Military Tribunals Under Fire

WASHINGTON, Aug. 13, 2003

(CBS/AP) Friends and critics alike are pressing the Bush administration to change its new rules for trying suspects in the global war on terrorism — rules for the first military tribunals planned by the United States since World War II.

And it appears the Pentagon is prepared to bend a little.

On Tuesday, the Pentagon's top lawyer held a third round of negotiations through which Britain is seeking special treatment for its two citizens facing trial — talks that critics say smack of political favoritism.

The American Bar Association said Tuesday the administration should drop plans to let agents eavesdrop on conversations between terrorism suspects and defense lawyers and should ease other restrictions to ensure military tribunals are fair and open.

The ABA's policy-making House of Delegates took no position on whether individual lawyers should participate in tribunals, although another lawyers' organization has already said it would be unethical to represent terrorism suspects under the current rules.

Though some charge the administration is playing foreign policy favorites with close friends (ally Australia also is negotiating for its suspect), legal and human rights experts say the London talks could set a good precedent by forcing more changes in a newly created tribunal system that is seen internationally as secretive, unfair and full of rights abuses.

Diplomats from other countries whose nationals are being held as terrorism suspects say they are waiting to see how many changes and concessions Britain and Australia are able to negotiate.

So far, the Pentagon has said one Australian and two British suspects will not be subject to the death penalty and will be afforded several exceptions to tribunal rules.

Besides eliminating the question of the death penalty, negotiators have decided the Australian and two Britons will be allowed lawyers from their homelands as "consultants" despite a rule that lawyers before the tribunals must be U.S. citizens. The defendants' conversations with their defense teams won't be monitored, though Pentagon rules allow such monitoring for national security reasons.

It was agreed no tribunal proceedings on the three will go forward until the end of negotiations. Their countries also are seeking more access by the prisoners' families and the right of the defendants to serve any sentences in their own countries if they are convicted, among other assurances.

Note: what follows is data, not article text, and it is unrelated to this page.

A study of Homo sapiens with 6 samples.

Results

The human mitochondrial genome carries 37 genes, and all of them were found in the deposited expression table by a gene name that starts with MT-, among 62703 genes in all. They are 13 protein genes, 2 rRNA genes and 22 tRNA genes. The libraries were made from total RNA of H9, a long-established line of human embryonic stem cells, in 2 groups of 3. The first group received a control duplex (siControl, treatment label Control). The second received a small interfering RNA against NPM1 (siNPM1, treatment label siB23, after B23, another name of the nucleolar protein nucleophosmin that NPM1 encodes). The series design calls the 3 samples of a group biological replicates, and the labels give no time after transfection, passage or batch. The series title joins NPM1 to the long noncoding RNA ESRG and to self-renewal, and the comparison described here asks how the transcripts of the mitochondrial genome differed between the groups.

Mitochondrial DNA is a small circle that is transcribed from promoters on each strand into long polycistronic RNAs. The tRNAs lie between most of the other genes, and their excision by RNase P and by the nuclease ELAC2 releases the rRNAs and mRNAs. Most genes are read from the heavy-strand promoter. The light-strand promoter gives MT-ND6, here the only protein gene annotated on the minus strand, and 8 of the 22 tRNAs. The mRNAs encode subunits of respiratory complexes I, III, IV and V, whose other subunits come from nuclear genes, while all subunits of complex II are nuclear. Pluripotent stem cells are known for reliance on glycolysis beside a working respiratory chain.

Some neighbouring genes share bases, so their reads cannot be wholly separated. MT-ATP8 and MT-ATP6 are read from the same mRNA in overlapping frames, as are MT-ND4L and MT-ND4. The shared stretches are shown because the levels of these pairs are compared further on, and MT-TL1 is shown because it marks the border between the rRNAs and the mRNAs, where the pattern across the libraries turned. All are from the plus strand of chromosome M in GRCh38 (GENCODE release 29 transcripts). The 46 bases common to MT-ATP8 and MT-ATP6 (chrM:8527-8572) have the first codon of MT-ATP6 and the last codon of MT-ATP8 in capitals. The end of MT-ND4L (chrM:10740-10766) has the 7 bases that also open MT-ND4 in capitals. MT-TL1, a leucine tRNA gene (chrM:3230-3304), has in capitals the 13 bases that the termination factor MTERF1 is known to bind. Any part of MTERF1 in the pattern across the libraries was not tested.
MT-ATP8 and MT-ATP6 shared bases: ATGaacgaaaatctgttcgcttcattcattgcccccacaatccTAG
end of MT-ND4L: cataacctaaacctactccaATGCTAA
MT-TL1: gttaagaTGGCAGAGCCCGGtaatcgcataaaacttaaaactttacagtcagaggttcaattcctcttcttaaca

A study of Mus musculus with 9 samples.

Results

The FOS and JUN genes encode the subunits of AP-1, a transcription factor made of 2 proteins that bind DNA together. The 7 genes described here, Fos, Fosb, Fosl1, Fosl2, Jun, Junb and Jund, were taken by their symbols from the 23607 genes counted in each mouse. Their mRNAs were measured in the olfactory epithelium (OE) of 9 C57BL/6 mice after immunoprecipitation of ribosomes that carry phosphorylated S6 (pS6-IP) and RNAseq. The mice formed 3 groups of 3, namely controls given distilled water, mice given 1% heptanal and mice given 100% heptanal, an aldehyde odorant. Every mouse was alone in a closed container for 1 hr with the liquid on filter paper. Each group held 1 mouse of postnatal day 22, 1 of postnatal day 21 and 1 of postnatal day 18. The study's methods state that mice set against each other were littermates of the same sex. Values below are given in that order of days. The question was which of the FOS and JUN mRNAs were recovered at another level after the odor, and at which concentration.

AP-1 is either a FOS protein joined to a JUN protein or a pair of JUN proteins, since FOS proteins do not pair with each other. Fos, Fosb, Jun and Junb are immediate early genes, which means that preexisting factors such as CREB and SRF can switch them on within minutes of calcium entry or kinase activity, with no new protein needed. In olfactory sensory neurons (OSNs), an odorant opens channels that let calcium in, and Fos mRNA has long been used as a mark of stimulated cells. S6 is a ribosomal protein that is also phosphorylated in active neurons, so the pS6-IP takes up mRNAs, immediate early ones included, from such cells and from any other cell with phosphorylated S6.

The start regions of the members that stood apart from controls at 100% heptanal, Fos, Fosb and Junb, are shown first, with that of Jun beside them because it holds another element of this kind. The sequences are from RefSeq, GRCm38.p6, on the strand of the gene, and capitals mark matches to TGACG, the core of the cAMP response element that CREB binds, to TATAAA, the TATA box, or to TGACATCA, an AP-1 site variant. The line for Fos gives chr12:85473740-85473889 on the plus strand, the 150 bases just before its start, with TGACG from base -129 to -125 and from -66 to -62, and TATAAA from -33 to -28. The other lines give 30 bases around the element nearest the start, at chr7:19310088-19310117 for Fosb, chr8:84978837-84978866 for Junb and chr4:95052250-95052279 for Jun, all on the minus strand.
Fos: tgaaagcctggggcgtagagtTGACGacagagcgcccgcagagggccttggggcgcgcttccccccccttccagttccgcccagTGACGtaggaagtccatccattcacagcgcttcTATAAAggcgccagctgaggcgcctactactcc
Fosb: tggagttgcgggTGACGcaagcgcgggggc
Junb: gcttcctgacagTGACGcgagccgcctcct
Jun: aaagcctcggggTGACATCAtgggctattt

The talks were quickly arranged after a personal promise from President Bush to Blair, his most important ally in the invasion of Iraq.

Some felt the move smacked of political favoritism. Britain and Australia were the two main countries that contributed troops to the U.S.-led war.

"If they do this for the British, they've got to do this for everybody," attorney Tom Wilner said of the talks. He is the attorney for about a dozen Kuwaitis detained at Guantanamo.

About 660 prisoners captured in Afghanistan and elsewhere are being held at Guantanamo without charges or access to lawyers — some since January 2002.

Mr. Bush has recommended six, including the Australian and two Britons, to be the first to face tribunals established for the global war on terror. It has not definitely been decided that they will be tried, nor on what charges.

The Pentagon has refused to say what countries the other three are from, though press reports say they are a Sudanese, a Yemeni and a Pakistani.

The Australian is David Hicks and Britons are Feroz Abbasi and Moazzem Begg. Maj. John Smith, spokesman for the Defense Department's office on military commissions, indicated the Pentagon rejects the idea that the same concessions given them will have to be made for the others, saying the decisions were based on the merits of their individual cases.

Prosecutors looked at the evidence against Abbasi, Begg and Hicks and decided they wouldn't have sought the death penalty against them anyway, Pentagon officials said. Likewise, intelligence officers reviewed their cases and decided their conversations with attorneys wouldn't have been monitored anyway, officials asserted.

The next step in the tribunal process is for a chief prosecutor to draft charges against any or all of the suspects.

The acting chief prosecutor Army Col. Frederic Borch III told the Wall Street Journal last week: "First of all, I want cases with very strong evidence. I have to have a case that has good proof."

Once the prosecutor decides on charges, Deputy Defense Secretary Paul Wolfowitz will then make a separate decision on whether the suspects will actually face trials by what the Pentagon calls military commissions.

The Pentagon has refused to name the men, state what they were suspected of doing, where they were captured, or where they might be tried. It also has not said what would happen if the men were found innocent, raising at least the possibility that they might still be detained.